A Dress Code for Parents Has to Be at the Bottom of the List of Education Priorities

Hope + Outrage

A Dress Code for Parents Has to Be at the Bottom of the List of Education Priorities

Some of these school administrators have their priorities messed up!

Just last week, two students were expelled from their Christian school 30 days before the end of the year because the pastor claimed their mother was living in sin and committing adultery—specifically, her daughters have two different fathers.

I’m not well versed in religious text so don’t get me quoting the Bible to defend why I think this expulsion is wrong. What the mother does in the privacy of her home is no business of the school, especially if it isn’t detrimental to the well-being of her daughters—but, taking away their education is. And if this is a strict policy of the school, why accept the girls in the first place?

But my biggest thing is, to be a Christian school, their actions don’t seem very Christlike in kicking these girls out because of something their mother did. I guess Pastor John Wilson didn’t even bother to ask himself “What would Jesus do?”

And this week, Carlotta Outley Brown, the principal of James Madison High School in Houston, has decided to enforce a dress code for parents.

Now the expulsion from the Christian school is completely absurd to me but, I understand Principal Brown’s madness. I also agree with what Jan Taylor says in her tweet about parents and educators being the example and setting standards for students.

But, this is where my empathy ends. Sis. Brown’s method, timing and priorities are all wrong. Most importantly, it reinforces an already glaring message that parents aren’t allowed in schools.

Let me talk to Principal Brown real quick.

Ma’am, you’re the fourth newly enacted principal—within a five-year period—at a school where the academic performance has been subpar.

Your student population is 99% Black and Latino, 75% low-income and in a non-White district—surely your school is one of the ones that receives $23 billion less in funding.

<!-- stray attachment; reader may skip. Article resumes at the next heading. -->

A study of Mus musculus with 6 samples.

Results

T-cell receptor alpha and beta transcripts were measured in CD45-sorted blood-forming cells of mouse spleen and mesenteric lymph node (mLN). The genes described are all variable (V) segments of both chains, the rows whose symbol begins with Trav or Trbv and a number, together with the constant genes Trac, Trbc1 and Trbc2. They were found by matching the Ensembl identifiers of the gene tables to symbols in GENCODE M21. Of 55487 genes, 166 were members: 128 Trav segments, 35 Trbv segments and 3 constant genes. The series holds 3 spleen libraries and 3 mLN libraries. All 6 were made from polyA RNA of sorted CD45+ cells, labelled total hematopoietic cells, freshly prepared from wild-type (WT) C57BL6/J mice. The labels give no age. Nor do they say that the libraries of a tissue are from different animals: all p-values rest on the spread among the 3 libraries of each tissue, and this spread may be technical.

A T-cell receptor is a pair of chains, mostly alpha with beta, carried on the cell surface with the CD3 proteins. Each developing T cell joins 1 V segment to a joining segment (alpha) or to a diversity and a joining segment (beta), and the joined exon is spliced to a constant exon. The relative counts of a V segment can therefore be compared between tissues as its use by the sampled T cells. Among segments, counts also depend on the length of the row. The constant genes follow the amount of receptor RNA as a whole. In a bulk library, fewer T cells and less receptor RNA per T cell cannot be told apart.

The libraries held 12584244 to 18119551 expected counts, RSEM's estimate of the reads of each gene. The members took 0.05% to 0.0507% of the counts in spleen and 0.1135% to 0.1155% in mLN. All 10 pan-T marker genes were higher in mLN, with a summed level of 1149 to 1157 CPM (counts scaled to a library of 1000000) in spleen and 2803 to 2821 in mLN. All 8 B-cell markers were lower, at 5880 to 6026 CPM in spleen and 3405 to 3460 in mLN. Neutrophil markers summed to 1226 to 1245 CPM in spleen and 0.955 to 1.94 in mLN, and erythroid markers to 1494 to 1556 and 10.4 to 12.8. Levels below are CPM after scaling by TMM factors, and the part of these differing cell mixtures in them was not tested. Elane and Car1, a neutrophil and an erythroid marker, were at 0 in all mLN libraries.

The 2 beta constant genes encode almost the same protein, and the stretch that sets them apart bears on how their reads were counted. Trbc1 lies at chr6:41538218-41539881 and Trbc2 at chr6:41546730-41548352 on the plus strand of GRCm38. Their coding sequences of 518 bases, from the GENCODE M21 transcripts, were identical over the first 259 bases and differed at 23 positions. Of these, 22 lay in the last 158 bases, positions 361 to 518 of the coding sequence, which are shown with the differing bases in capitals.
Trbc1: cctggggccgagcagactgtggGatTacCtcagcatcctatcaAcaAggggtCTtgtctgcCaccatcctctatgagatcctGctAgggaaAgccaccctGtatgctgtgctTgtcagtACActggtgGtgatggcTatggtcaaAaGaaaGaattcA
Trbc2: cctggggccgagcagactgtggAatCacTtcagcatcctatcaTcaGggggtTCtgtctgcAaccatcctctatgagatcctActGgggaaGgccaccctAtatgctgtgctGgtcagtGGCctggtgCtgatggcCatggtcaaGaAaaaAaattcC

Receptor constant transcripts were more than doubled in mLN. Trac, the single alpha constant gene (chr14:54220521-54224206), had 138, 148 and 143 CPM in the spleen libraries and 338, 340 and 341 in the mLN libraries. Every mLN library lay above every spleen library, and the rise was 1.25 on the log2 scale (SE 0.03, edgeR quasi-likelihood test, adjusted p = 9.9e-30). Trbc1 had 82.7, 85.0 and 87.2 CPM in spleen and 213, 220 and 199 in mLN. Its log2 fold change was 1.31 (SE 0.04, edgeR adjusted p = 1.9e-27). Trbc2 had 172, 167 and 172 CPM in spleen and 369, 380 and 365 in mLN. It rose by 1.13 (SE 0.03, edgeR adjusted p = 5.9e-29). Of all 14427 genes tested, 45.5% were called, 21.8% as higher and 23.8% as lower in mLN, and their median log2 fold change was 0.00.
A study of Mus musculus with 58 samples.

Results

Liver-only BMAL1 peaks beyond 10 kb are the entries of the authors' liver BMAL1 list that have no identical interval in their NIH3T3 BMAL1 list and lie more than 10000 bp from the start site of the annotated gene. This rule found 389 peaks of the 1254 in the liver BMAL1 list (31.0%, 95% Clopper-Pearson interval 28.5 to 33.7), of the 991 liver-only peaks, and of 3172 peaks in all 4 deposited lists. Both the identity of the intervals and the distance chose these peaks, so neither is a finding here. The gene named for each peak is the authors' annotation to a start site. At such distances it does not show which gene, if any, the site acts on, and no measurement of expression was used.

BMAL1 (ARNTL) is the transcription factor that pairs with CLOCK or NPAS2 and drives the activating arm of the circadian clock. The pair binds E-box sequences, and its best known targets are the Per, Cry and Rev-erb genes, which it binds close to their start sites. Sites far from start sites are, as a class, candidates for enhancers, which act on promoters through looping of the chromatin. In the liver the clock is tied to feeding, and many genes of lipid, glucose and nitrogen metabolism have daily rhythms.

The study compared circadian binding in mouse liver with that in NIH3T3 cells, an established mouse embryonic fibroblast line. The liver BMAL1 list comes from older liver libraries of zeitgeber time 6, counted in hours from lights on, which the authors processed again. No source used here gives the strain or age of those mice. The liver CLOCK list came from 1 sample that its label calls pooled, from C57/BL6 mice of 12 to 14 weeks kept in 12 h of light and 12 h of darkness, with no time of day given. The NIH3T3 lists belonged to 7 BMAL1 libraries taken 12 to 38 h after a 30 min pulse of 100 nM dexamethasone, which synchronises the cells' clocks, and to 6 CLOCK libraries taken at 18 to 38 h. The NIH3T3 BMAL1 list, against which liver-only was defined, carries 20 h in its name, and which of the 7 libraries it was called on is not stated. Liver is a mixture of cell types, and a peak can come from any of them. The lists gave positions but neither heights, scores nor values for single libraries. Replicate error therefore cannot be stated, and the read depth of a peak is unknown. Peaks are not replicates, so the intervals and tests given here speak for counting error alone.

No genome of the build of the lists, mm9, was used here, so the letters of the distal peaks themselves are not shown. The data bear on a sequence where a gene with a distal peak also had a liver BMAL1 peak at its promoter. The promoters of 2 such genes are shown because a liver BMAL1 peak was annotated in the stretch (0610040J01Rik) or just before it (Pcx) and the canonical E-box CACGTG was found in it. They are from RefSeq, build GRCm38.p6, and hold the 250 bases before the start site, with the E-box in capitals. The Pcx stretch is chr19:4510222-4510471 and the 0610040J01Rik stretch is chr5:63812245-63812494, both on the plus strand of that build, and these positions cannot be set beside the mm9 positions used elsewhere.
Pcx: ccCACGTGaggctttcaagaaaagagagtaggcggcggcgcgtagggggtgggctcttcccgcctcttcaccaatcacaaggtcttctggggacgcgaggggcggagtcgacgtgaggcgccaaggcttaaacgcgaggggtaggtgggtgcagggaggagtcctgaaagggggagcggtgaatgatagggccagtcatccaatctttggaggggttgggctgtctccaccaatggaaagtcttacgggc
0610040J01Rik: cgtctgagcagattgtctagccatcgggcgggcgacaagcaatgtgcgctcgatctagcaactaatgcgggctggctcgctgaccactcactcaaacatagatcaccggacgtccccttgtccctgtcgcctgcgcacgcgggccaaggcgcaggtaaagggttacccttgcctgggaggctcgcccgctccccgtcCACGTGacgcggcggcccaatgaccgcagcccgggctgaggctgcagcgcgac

Your Black and Brown, low-income students are also subject to the belief gap and explicit bias. Did you happen to read TNTP’s Opportunity Myth report that confirms students of color are less likely to receive rigorous or grade-level coursework because of the color of their skin?

Madison students are walking out of class because of hostilities between students and school staff.

And finally, instead of promoting engagement and fostering relationships by meeting parents where they are, you’ve angered, isolated and made it that much more difficult for students’ teachers to connect with them. It sends a message to the parents that they aren’t allowed in your school and exacerbates the struggle of parent-school collaboration, ultimately weakening student support systems.

All of these battles you could’ve chosen to fight but you’re focused on how parents dress? It’s a disservice to the students and families.

I don’t know what you’ve accomplished in your career or at this school thus far but I hope that from this point on, you choose your battles wisely.

Because at a time when data validates something we’ve already known—that the struggle for Black and Brown and low-income students in schools is real—we need you to work diligently to alleviate some of those struggles. We need you to prioritize the needs of students and work with parents to accommodate them. And finally, we need you to not fan the flame of division within the Black community with policies that have stereotypical, discriminatory and racist undertones.

Photo by Quentin Keller, Unsplash-licensed.
Share This HOPE + OUTRAGEI want to start a movement where people of color feel compelled and empowered to advocate for better education, so every week I’m sharing some HOPE and OUTRAGE right here. But I’m not writing this to be famous, I’m doing this because our youth need all of us in this fight.